You’ve heard the news: Whole grains are a must-have in your diet. But what if you can’t figure out how to fit them in (or just don’t know what the heck “whole grain” means)?
Here’s some help.
Whole grains do more than protect the heart. According to many studies, the greater our whole grain intake, the lower risk there is for cardiovascular disease, high blood pressure, and high cholesterol. Eating just three servings a day has shown to lower risks.
I have gotten pretty good at reading labels for nutritional information, but I must confess that I confuse whole grains with fiber quite often. While researching for this column it was made clear to me that for a processed food such as cereal, bread, or pilaf to be considered whole grain (stay with me), the product must contain all three whole-grain components: the germ, the endosperm, and the bran.
The bran is full of fiber, while the germ and endosperm have many of the beneficial nutrients, antioxidants, and other compounds believed to give us the “whole grains” health benefits.
For example, a bran cereal may be loaded with fiber compared to a whole-grain cereal. But the bran cereal won’t necessarily have the added beneficial antioxidants that the whole-grain cereal has.
When choosing products that use whole grains read the list of ingredients. If the word “whole” precedes the word “grain,” it is a whole grain product. If the word “refined” appears, it is not a whole grain product; it is refined — stripped of nutrition and fiber.
The phrase “refined whole wheat,” is a marketing phrase that actually gives you a nutrient-devoid product.
The first place to look for whole grains, especially more common ones like bulgur and barley, is near rice at most markets. Less common grains can sometimes be found in bulk bins at supermarkets and natural-foods stores.
Here is a Partial List of Whole Grains:
Whole kernel corn Rolled oats/oatmeal
Popcorn Hulled barley (non-pearled)
Brown rice Wild rice
Buckwheat Whole rye
Bulgur is available in fine, medium, and coarse textures. (If it’s not labeled, it’s usually fine or medium.) Unless a recipe calls for a specific texture, any type can be used. Don’t confuse bulgur with cracked wheat, which is simply that: cracked wheat. Cracked wheat must be cooked for up to an hour; bulgur is cracked wheat that’s been parboiled so it simply needs to soak in hot water (or chicken stock) for most uses.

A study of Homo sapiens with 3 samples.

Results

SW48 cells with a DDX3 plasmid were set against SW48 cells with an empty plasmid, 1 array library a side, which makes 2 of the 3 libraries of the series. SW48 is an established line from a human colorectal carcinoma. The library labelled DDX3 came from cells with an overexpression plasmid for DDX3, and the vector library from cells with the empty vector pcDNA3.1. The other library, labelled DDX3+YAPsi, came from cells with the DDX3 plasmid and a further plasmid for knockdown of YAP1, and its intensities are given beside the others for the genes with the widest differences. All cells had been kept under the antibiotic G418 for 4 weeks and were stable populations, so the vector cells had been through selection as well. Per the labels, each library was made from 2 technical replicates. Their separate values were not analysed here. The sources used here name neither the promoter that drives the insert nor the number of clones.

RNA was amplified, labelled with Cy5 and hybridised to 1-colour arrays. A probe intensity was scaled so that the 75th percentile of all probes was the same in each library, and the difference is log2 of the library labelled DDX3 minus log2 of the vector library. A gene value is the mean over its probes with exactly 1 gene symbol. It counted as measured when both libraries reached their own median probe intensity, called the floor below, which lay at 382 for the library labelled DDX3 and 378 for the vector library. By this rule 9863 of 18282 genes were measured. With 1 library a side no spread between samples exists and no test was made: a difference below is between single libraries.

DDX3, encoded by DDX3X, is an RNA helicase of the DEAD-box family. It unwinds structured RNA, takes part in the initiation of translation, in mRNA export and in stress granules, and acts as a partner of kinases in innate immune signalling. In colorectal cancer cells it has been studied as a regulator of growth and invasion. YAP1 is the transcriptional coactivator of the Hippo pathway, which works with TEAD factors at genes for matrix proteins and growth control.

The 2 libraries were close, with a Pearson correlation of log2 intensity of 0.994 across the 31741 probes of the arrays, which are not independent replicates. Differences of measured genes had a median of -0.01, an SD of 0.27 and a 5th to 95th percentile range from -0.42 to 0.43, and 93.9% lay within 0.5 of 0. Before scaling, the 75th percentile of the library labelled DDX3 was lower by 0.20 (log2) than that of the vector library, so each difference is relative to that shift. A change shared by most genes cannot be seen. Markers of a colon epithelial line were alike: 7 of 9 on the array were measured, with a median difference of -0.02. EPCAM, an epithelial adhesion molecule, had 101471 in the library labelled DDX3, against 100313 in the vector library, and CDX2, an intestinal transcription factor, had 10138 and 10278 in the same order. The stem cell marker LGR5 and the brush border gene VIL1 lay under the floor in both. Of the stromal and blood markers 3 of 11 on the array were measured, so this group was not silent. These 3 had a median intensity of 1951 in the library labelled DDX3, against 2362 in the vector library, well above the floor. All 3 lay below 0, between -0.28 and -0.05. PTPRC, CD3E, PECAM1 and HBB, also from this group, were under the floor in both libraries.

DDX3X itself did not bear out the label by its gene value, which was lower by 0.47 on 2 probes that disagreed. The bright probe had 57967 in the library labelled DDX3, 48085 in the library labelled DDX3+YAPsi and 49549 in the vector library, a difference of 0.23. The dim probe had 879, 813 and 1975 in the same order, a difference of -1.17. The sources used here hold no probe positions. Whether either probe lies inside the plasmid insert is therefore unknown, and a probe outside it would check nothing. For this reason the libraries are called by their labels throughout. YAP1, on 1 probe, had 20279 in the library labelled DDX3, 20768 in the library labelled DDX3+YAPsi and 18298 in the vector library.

Note: I have a great recipe that uses bulgur with lentils in a salad, and another recipe that uses wild rice in a salad; e-mail or write me if you would like these recipes. If you have a favorite recipe that utilizes whole grains and you would like to share it, please send it to me.
The cornmeal and whole wheat flour added to these hearty biscuits contribute deliciously to your daily whole-grain intake. These go so well with a soup, chowder, stew, or chili. Skip the seed topping to serve as a breakfast biscuit.
Makes 24 biscuits
Tip: Measure the cornmeal as you would flour, lightly spooning into a measuring cup to prevent a dry, tough biscuit.
2 cups all-purpose flour
2 cups whole wheat flour
1 cup stone-ground whole-grain cornmeal
1/4 cup sugar
1 tablespoon baking soda
1 teaspoon baking powder
1/2 teaspoon salt
7 tablespoons cold butter, cut into small pieces
2 cups low-fat buttermilk
1 egg white, lightly beaten
2 teaspoons poppy seeds
2 teaspoons sesame seeds
Preheat oven to 450 degrees.
Lightly spoon flours and cornmeal into dry measuring cups; level with a knife. Combine flours, cornmeal, sugar, baking soda, baking powder, and salt in a large bowl; stir with a whisk. Cut in butter with a pastry blender or 2 knives until mixture resembles coarse meal. Add buttermilk; stir just until all is moistened.
Turn dough out onto a lightly floured surface. Roll dough to a three-quarter inch thickness; cut with a 2 and a half inch biscuit cutter into 18 biscuits. Gather remaining dough, roll and cut into 6 more biscuits. Place 12 of the biscuits on a baking sheet lightly coated with cooking spray.*
Brush tops of biscuits with half of egg white.
Combine poppy seeds and sesame seeds in a small bowl, and sprinkle half of seed mixture evenly over biscuit tops.
Bake at 450 degrees for 10 minutes or until biscuits are golden; place on a rack.
Repeat with remaining 12 biscuits.
*(I achieved better results by baking one sheet of biscuits at a time).
GOOD TO HEAR
For Christmas dinner this year I decided to try your recipe for egg nog. I have never made it or tasted homemade egg nog. There were only four of us for dinner, and I just did it. It was a hit!!!, and it made the dinner more “fancy”. Now they want me to make it for New Year’s also. I just had to thank you for a nice suggestion and recipe.
Brenda, Salem N.H.
In November there was a recipe in your column for Stuffed Acorn squash. I cut it out and now can’t find it. If it is not too much trouble could you send it to me? My husband and I love acorn squash and that was a new way to make it that I wanted to try.
Fran & Joe, Methuen
Dear Fran and Joe,
I’m happy to send you the recipe, which I actually received feedback about from two other readers. They preferred the stuffing to be less sweet, so substituted a bagged dry stuffing for the raisin bread and said it came out good.
I love “cooking chat” and always learn something.
We eat a lot of salmon. I am looking for a recipe for a topping that uses yogurt. We had it in a restaurant once and liked it.
Here is a recipe that I like and happens to be good for the waistline.
Combine 1 cup low-fat plain yogurt with 2 tablespoons EACH sliced scallions and chopped cilantro; 1 tablespoon EACH honey and curry powder. Blend well and serve at room temperature.